By Nigel Bromage, Founder of Small Steps and Exit Hate

Upset by the increasing impact of extremism on society, Small Steps Consultants was set up in 2015 with the aim of using education to reduce the appeal of extremism.

Nothing new in that you might say, but what made Small Steps different was the organisation was set up by a former extreme right-wing activist, who walked away from extremism and renounced his previous extremist views.

That former extremist was me. Having been involved in right-wing extremism for nearly 20 years, I attended a Prevent training session and challenged myself to use my past experiences to reduce hate and extremism thorough education, compassion and understanding.

The extreme right-wing builds not just on hate but also on feelings of loneliness, boredom, bereavement, domestic violence and feelings of a loss of identity. This often opens the door to extremists who simply seek to use those they can recruit.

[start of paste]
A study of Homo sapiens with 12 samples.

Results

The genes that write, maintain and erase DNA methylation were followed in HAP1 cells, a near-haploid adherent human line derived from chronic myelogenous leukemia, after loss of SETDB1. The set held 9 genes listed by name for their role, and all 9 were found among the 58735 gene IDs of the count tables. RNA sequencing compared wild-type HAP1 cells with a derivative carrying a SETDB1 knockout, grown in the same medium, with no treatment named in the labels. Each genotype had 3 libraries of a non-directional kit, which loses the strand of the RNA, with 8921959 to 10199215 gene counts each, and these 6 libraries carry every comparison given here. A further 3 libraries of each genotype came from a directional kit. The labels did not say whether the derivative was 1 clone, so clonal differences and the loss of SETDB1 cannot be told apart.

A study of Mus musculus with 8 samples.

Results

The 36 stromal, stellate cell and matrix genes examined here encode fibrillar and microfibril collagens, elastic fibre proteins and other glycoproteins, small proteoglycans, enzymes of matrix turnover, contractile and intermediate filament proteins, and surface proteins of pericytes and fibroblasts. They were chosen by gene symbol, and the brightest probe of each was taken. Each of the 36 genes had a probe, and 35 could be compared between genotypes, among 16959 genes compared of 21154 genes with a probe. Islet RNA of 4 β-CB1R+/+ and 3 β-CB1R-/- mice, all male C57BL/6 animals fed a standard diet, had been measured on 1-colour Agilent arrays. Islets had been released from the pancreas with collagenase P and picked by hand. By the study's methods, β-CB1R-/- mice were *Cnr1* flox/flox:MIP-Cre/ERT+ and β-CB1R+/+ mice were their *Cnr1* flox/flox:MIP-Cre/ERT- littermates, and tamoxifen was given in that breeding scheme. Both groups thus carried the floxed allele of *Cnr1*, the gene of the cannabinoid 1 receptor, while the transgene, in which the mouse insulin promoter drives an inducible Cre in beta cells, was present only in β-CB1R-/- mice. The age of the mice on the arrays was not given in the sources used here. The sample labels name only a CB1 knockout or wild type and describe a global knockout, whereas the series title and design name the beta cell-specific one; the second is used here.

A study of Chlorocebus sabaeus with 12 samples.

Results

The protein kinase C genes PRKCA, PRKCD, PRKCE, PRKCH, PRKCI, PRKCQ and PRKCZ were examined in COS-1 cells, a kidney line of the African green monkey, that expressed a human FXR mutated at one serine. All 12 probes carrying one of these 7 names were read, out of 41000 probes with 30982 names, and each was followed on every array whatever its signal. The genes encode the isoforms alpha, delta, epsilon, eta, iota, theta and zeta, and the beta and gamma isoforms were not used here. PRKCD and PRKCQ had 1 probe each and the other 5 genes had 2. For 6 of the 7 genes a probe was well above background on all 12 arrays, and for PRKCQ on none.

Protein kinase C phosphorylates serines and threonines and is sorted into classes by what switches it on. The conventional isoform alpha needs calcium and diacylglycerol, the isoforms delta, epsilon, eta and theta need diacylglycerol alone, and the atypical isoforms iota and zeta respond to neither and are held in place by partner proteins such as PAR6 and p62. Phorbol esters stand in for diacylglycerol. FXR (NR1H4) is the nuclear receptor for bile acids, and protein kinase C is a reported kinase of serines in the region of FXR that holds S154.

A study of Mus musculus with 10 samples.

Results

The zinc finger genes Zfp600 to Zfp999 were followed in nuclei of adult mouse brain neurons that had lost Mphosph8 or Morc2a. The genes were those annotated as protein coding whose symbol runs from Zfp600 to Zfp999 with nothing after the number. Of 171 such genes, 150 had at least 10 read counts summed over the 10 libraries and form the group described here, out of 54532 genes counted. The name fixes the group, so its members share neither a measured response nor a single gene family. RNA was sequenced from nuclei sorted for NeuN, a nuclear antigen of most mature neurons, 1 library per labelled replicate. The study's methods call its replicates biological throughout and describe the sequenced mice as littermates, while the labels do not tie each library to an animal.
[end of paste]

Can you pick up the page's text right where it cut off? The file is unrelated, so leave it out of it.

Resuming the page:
Educating trusted people who work in education is crucial to opening up conversations, listening to young people’s concerns and providing a safe path away from extremism.

Active both online and offline, the extreme right wing is sadly very good at what they do. They engage with people, listen to their concerns and offer simple solutions to complicated issues. They have live streams, video games and much more, all of which appeals to young people, so we have to be able to offer alternatives.

So, what should those working in education look out for?

People who become isolated moving away from family and friends and have new friends online, is a good tell-tale sign. Others could include talking as if it’s from a scripted speech, an increased secretiveness or an unwillingness to discuss their views, as often the extreme right wing will tell people not to engage with teachers.

The positive news is that people can change; all they need is a little help. Please use the Educate Against Hate website. If you have a concern, reach out to your local Prevent team or ACT Early and ask for advice, because only by working together will we reduce extremism.